Marvel Movie Marathon: Iron Man 2: I saw most of IM2 again a couple years ago and I thought it had held up a *lot* better than expected. My memory of it was that it really wasn’t very good, which is borne up by the fact that basically everybody seems to think it really wasn’t very good, but…actually, it’s pretty good.
It does, yes, have the problem of following very similar beats to the original film in terms of the Whiplash storyline, which ends with him in a giant mech just like Stane ended in. But outside of that…it’s pretty individualistic.
Tony’s storyline is…I mean, it’s a *disaster*. *Tony* is a disaster. He’s dying of palladium poisoning and he’s doing the world’s absolute worst job of trying to do right by people before he dies. He’s AMAZINGLY bad at it. SO BAD. It’s kind of wonderful. But you know what? Even if he’s a terrible person, a womanizer, a cad, insensitive, all of it…I would not be afraid if I was locked in a room with Tony Stark.
But Justin Hammer, in this movie? I would be terrified. He’s a lot of the reason I didn’t like the movie in the first place, because he’s SO unlikeable, so craven and glory-hungry and competitive. Tony without any of the charm or, frankly, the social skills. I would feel *threatened* by that man, if I was stuck in a room with him, because he doesn’t care at all about other people, only himself, and Tony, despite his flaws, does. Hammer would be perfectly okay with hurting me, deliberately, to get what he wanted; Tony would not. And in this #metoo era, that makes Hammer an *exceptionally* alarming villain, which I thought…really worked.
Mickey Rourke’s Vanko really borders on this side of tragic–I think with a little more finessing they could have made the character heartbreaking. It wasn’t what they wanted to do, but I think they *could* have.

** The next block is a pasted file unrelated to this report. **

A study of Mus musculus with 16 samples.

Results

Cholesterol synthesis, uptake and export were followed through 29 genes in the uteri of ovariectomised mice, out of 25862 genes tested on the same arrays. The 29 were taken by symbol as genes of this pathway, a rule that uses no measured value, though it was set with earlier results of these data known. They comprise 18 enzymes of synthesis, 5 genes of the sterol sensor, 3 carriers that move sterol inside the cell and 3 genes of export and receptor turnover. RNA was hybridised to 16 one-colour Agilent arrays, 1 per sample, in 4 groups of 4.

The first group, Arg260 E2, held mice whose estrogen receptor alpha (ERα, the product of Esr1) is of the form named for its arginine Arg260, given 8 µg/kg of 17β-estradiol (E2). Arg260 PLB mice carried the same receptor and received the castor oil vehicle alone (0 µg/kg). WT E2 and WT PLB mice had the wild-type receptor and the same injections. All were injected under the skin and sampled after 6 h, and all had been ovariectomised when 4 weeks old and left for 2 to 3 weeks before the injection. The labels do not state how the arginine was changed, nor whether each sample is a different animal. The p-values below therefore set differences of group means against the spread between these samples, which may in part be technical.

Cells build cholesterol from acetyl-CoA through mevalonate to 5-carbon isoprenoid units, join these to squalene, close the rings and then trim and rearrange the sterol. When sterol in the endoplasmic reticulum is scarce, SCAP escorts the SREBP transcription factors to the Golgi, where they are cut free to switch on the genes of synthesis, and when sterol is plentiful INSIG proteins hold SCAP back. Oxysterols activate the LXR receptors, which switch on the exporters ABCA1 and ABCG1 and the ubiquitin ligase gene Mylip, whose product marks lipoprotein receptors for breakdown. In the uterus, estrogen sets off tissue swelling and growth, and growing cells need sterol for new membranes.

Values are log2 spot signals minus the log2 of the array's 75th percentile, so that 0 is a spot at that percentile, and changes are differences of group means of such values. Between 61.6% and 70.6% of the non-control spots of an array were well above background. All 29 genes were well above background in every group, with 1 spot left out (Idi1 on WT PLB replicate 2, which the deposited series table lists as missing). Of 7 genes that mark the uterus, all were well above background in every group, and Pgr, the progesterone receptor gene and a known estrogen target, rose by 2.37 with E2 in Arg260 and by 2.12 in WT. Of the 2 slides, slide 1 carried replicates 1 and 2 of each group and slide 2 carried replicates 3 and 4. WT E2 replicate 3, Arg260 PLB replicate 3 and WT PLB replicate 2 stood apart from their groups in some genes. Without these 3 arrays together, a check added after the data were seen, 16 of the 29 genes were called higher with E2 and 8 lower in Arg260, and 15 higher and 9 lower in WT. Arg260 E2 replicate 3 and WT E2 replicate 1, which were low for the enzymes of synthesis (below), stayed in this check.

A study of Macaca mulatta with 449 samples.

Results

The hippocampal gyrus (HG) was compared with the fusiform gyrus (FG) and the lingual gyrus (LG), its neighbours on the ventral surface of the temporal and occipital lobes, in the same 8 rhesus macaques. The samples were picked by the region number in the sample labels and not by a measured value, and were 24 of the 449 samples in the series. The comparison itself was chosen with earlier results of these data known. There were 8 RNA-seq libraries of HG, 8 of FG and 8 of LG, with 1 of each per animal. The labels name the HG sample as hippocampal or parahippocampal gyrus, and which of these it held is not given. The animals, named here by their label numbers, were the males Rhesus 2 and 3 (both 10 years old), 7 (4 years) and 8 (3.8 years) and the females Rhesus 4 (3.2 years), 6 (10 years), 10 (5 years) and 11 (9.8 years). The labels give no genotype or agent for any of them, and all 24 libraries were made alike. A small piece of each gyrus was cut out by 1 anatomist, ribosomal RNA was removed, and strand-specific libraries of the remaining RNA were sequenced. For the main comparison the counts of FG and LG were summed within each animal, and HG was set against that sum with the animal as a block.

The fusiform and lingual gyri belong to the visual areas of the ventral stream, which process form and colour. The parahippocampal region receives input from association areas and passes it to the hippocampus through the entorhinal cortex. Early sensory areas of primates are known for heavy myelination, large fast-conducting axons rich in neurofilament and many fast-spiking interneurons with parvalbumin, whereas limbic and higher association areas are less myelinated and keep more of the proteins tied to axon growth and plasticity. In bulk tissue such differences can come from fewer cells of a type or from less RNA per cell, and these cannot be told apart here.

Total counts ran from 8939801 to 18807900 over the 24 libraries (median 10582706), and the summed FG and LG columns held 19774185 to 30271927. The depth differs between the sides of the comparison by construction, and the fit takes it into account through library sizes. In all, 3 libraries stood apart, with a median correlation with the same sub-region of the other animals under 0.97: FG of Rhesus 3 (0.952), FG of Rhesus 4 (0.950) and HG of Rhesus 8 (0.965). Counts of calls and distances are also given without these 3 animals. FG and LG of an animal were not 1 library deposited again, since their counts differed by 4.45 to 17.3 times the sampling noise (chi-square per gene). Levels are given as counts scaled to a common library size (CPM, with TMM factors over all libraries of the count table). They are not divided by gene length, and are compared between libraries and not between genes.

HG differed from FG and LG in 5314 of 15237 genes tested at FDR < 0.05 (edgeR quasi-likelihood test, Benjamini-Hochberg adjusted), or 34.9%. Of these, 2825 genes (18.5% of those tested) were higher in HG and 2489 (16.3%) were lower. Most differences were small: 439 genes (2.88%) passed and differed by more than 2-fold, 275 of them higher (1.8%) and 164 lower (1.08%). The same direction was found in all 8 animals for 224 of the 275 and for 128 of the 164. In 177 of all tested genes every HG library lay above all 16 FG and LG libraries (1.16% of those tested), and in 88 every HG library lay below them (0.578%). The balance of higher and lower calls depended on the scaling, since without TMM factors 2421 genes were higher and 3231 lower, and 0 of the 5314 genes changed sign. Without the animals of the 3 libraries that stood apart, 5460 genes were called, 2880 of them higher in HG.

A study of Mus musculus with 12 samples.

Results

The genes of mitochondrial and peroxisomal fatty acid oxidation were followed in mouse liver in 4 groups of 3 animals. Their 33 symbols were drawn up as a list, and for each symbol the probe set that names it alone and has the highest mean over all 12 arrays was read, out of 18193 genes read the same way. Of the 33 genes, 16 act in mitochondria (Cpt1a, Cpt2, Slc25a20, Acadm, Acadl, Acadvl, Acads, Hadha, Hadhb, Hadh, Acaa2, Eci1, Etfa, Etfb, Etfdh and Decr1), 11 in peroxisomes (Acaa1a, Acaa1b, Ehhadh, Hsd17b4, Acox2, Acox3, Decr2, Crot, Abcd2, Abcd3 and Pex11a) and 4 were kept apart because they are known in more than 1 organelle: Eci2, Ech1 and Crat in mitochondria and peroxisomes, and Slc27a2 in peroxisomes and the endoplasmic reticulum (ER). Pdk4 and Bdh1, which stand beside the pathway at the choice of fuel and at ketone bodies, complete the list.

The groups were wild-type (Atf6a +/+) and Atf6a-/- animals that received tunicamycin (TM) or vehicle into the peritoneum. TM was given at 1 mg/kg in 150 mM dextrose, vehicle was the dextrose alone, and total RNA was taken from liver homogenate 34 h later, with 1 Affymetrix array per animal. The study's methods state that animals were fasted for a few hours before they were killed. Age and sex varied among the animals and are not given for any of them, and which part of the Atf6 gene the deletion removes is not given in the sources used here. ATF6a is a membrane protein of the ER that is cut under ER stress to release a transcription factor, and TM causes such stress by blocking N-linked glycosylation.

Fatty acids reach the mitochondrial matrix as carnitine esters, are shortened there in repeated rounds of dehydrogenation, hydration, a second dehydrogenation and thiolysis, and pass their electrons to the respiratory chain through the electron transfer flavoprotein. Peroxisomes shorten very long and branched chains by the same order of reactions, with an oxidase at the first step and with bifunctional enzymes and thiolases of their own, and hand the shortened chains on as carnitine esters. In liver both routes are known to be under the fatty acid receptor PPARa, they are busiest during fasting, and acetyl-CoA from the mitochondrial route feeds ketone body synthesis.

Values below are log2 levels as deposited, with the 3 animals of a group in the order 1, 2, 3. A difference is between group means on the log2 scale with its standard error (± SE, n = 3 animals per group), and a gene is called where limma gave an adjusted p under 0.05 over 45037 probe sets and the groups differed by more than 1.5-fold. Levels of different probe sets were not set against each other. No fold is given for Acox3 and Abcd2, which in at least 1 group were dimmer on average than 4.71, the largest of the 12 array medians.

And then there’s poor Pepper, who once again gets the rigid, upset thankless female part. A thing they did well in this one, though, was end up with Pepper and “Natalie” on the same side (a decision that I like but am not confident was well telegraphed in the actual movie; it seems like an abrupt flip on Pepper’s part rather than being organic). I just kind of wish there’s been a moment of softening or forgiveness toward Christine Everheart, who is, in her way, as caught up in Tony’s nonsensical world as Pepper is, and it’s not Christine’s fault that Tony is who he is. She just went with it, and really, who wouldn’t? I’d rather have seen Pepper sort of sympathetic to her than openly hostile.
Gosh, I forgot how very *bouncy* Black Widow’s hair is in the “I kick everybody’s ass in the hallway” scene. IM2 is my least favourite incarnation of Natasha (and holy god, she really slimmed down for that catsuit; she’s not as tiny in the other films, nor does she need to be), but it’s hard to not remember the sheer glee of seeing her just *waste* all those dudes, particularly with Happy in the background whaling away on the one. “I got him!”
I was pretty darn unhappy about the fact that Terrance Howard’s Rhodey was recast at the time, but I’ve come around to where I find Howard the anomaly and I now kinda wish I could’ve seen Don Cheadle as Rhodey in the first movie, because I do love him. (My recollection is Howard wanted more money, and my opinion was, and indeed is, that he probably deserved more, pretty well regardless of what he was getting paid, and that was BEFORE the revelations about how shockingly underpaid white actresses are compared to white actors, and how magnitudes-more-shockingly-underpaid actors of color are than white women started coming into the more general consciousness, but I’ve also since learned that he is apparently…not a nice person…at all…which I suspect may have had *more* to do with him being replaced than the money, which can often be a convenient excuse.)
So the upshot is that IM2 is really worth a re-watch, which is a pretty pleasant discovery!